There is very little that's more frustrating than trying to get good resources from the Federal Department of Education website. Besides the difficult to read font and the constant promoting of NCLB, the site lacks the teacher's touch that would give some indication of why this information is important. Nevertheless, you are paying for it and by golly, you need to use it because there is a lot at this site, and that includes grants, summer opportunities, lesson plans, free booklets, and research.
I also added a section at the end of this column where you can compare how well the United States does related to other countries in terms of spending on education, as well as the performance of each state and its ranking in various areas of pupil performance and allocation of funding.
Department of Education Related Resource Links
Here are some of the more useful links I dragged out of the site as well as others that are related to it.
Free lessons by subject area: A very uneven listing of resources of which some are excellent. Loaded with primary documents of lessons for more high achieving students: http://www.free.ed.gov/
A site that helps districts show how technology could be used and has been used. A tool kit that every district should check: http://etoolkit.org/etoolkit/
Subscribe to education newsletters: There are a variety of them, but most of them read like propaganda for NCLB. Worth a look, but don't expect it to be easy to locate specific data. Perhaps the best one offers teacher updates to your email: http://www.ed.gov/news/newsletters/index.html
The Department of Education Budget and Comparisons to Other Nations;
The federal government is not a big player when it comes to funding education; it is left to state and local agencies to provide about 91 percent of the funding. Of course, statistics are made for manipulation, so that remaining percentage equates to a $68 billion dollar budget. On the other hand that only represents about 2.3 percent of the federal budget and pales when compared to the defense budget of $711 billion. Most of this goes to Title 1 grants, about $14.3 billion.
Worldwide spending on education: http://www.oclc.org/reports/escan/economic/educationlibraryspending.htm
Alan Haskvitz teaches at Suzanne Middle School in Walnut, Calif., and makes staff development presentations nationwide. In addition, he serves as an audio-visual evaluator and design consultant for his county department of education; a tutor to multi-cultural students in English and art; and an Internet consultant.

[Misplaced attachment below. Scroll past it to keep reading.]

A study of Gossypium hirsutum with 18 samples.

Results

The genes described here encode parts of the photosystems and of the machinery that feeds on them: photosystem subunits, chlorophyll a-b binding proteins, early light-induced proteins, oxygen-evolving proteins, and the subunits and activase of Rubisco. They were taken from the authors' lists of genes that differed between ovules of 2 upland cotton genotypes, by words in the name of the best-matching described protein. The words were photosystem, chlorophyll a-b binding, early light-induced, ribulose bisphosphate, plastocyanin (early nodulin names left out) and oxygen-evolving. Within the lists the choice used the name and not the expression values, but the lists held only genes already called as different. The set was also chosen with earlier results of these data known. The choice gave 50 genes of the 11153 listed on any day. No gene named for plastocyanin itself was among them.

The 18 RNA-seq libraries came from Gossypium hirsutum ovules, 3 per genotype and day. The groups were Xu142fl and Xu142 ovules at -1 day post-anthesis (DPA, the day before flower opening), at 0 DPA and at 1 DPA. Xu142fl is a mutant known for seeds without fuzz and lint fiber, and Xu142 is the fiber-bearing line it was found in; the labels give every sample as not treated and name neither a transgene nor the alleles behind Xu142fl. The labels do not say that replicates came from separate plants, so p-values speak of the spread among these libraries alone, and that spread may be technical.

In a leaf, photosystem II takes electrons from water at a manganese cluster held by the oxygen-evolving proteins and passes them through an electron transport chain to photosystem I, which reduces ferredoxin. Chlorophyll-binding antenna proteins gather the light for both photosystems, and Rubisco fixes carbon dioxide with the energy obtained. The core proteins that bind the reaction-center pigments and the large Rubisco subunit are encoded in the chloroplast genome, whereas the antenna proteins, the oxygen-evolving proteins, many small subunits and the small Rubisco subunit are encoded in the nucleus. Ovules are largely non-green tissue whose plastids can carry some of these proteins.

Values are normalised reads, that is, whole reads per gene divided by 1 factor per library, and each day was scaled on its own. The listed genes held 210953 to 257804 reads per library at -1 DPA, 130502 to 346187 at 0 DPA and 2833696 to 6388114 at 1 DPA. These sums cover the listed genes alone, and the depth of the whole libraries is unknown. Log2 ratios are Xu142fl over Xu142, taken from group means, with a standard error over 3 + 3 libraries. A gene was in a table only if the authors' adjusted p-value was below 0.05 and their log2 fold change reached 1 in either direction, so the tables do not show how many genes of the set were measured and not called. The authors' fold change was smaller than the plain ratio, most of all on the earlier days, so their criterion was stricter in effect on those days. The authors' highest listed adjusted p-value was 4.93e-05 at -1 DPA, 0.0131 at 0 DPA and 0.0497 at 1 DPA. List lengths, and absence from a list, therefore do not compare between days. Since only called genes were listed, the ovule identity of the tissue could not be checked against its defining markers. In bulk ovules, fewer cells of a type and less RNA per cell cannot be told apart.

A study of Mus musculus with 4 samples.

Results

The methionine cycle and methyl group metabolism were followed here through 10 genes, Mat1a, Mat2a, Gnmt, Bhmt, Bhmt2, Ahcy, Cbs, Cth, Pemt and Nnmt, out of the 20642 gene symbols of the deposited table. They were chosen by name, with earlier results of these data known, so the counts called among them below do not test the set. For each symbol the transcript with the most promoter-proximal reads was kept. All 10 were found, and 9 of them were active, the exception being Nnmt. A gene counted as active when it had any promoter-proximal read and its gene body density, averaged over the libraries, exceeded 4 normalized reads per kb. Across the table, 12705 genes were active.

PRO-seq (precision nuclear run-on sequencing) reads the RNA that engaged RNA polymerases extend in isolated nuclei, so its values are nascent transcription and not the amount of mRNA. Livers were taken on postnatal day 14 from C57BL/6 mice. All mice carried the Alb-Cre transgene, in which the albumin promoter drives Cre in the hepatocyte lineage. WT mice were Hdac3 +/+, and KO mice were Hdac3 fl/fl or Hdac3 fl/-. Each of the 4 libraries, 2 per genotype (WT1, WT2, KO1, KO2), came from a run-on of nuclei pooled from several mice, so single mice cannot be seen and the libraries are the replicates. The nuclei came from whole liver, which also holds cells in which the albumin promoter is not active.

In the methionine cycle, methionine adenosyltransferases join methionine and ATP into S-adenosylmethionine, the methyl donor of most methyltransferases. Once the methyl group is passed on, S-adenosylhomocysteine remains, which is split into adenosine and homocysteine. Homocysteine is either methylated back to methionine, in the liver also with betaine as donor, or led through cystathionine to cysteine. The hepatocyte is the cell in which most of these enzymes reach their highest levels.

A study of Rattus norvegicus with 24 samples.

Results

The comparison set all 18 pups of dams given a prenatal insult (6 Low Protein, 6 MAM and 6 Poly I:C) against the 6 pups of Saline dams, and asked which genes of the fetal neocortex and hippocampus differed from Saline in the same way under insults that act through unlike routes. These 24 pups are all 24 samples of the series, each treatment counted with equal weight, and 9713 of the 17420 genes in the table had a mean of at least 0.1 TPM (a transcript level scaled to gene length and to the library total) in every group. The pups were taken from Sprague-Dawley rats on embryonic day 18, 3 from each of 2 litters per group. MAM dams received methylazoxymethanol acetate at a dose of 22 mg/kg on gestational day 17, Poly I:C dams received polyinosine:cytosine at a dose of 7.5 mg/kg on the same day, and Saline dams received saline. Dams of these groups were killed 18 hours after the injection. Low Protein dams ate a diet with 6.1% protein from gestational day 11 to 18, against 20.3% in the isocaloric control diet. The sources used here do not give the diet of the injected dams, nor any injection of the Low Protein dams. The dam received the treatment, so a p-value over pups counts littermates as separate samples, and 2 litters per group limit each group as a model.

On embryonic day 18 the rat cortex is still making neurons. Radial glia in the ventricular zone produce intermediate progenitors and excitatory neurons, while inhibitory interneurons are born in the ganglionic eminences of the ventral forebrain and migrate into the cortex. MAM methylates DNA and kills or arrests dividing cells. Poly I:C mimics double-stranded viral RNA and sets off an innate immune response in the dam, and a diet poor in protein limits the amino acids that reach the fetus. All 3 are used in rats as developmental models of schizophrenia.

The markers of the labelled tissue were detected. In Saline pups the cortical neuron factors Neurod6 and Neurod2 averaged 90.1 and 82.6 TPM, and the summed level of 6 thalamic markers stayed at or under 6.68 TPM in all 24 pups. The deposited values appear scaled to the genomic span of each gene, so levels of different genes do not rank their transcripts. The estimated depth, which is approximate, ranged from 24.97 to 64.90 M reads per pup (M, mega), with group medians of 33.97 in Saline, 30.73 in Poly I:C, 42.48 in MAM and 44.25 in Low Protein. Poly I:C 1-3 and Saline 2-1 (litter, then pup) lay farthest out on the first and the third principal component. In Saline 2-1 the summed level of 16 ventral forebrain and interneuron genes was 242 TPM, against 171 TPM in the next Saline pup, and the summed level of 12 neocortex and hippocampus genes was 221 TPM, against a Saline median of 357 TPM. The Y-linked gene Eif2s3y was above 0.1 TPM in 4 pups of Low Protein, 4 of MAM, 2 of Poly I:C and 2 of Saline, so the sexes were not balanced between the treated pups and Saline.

Haskvitz's career spans more than 20 years. He has taught every grade level and core subject, has been recognized repeatedly for innovative teaching and has received the following honors, among many:
USA Today All Star Teacher
100 Most Influential Educators
Reader's Digest Hero in Education
Learning Magazine's Professional Best
National Middle Level Teacher of the Year
National Exemplary Teacher
Christa McAuliffe National Award
Robert Cherry International Award for Great Teachers
In addition, Haskvitz publishes articles on successful educational practices and speaks at conferences. He has served on seven national committees and boards.
Haskvitz maintains credentials and training in special and gifted education, history, administration, bilingual education, journalism, English, social studies, art, business, computers, museumology and Asian studies. He holds these credentials for Canada, New York and California. His experience also includes staff development, gifted curriculum design, administration, community relations and motivation. His background includes 10 years of university education.
As a teacher, Haskvitz's curriculum increased CAP/CLAS test scores from the 22nd percentile to the 94th percentile, the largest gain in California history. In addition, Haskvitz and his students work continuously to improve their school and community. His students' work is often selected for awards in competitions in several subject areas. For more details about Alan and his students' work, visit his page on the Educational Cyber Playground.